The Priceline Group made it clear last week that its recent surprise shuffling of CEOs, which brought back a familiar face to lead the OTA, would not result in the company shifting its focus on alternative accommodations.

Jeffery Boyd, the former longtime Priceline CEO who will oversee the company while it seeks a successor to Darren Huston, told analysts on last week’s first-quarter earnings call that the company will continue to try to broaden its base of 422,000 “instantly bookable” vacation-rental properties as a complement to its core hotel-booking services.

“We couldn’t be more enthusiastic about these types of accommodations and couldn’t be more convinced that the product we’re building and the service that we’re providing is better than anything else that’s out there in the marketplace,” Boyd said on Priceline’s May 4 call.

Boyd’s reasons for focusing on the vacation-rental business appear to be twofold: to continue to mirror Expedia Inc.’s move into the alternative accommodations space and to hedge its bets against what could be lackluster room-booking results, at least in the second quarter.

Late last month, Expedia Inc., which acquired the vacation-rental service HomeAway for $3.9 billion last year, reported a $121.9 million loss, compared with net income of $44.1 million a year earlier. Still, it beat analysts’ net income and revenue forecasts and said the integration of HomeAway and the recently acquired Orbitz Worldwide was going better than expected.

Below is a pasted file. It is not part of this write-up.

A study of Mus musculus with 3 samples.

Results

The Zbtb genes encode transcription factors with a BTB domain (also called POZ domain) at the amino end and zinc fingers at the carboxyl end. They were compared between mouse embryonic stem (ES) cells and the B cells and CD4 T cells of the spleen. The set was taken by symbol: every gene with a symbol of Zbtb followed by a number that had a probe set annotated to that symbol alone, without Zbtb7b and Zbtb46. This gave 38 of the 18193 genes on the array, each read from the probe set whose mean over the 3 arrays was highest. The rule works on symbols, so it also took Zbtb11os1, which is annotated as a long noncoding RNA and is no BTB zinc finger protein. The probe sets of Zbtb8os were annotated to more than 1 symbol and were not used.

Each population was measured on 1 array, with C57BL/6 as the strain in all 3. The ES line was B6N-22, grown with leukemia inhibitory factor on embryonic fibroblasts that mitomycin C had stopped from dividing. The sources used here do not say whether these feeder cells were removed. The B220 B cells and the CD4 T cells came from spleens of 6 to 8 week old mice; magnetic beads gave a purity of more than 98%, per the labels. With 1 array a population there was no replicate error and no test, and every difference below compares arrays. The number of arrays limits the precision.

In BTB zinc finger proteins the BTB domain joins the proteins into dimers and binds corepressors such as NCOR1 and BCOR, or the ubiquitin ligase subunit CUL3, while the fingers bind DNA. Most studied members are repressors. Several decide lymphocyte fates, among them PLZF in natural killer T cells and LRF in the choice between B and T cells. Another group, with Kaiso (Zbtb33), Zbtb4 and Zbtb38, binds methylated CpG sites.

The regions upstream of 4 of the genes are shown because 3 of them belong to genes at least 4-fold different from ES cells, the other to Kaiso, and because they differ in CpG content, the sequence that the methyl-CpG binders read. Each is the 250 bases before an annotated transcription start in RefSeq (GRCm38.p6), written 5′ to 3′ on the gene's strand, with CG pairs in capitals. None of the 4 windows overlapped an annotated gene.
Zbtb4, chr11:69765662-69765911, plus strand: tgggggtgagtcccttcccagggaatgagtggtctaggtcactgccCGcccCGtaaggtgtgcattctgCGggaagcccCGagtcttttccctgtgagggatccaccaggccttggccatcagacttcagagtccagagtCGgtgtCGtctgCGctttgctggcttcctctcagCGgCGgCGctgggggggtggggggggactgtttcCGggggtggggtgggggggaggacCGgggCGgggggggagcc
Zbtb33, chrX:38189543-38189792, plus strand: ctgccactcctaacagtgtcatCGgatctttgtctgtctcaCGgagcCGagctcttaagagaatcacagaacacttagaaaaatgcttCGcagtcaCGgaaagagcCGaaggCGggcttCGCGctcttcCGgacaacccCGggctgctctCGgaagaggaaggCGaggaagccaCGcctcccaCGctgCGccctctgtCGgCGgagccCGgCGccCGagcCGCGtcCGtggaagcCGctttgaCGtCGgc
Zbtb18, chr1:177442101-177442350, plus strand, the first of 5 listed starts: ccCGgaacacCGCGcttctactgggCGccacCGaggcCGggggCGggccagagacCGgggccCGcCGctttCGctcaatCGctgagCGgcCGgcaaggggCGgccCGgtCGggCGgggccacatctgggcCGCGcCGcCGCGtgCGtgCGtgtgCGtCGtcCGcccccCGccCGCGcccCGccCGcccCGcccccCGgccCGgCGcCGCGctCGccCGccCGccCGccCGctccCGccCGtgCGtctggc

The increased focus on vacation rentals could enable the companies to better weather what Priceline said would likely be a slowdown in revenue from hotel bookings during Q2. With that in mind, Priceline forecasted that its second-quarter revenue would increase about 10% from a year earlier, less than the 16% growth rate that had been forecasted by financial analysts.

As a result, the Q2 forecast appeared to overshadow first-quarter results in which Priceline’s net income increased 12%, to $374.4 million, and revenue rose 17%, to $2.15 billion. Its shares dropped 7.5% after its earnings were announced May 4.

Boyd said little about the circumstances surrounding Huston’s departure. Huston, who succeeded Boyd as CEO in January 2014, resigned on April 28 after an investigation “surrounding a personal relationship ... with an employee of the company who was not under his direct supervision.”

Boyd said there was no prediction of how long it would take to recruit a successor. But he added that the circumstances of his return were “unfortunate” and that whoever is chosen as a permanent replacement will have “a demonstrated track record of success in managing large, global organizations where technology is an important part of the business.”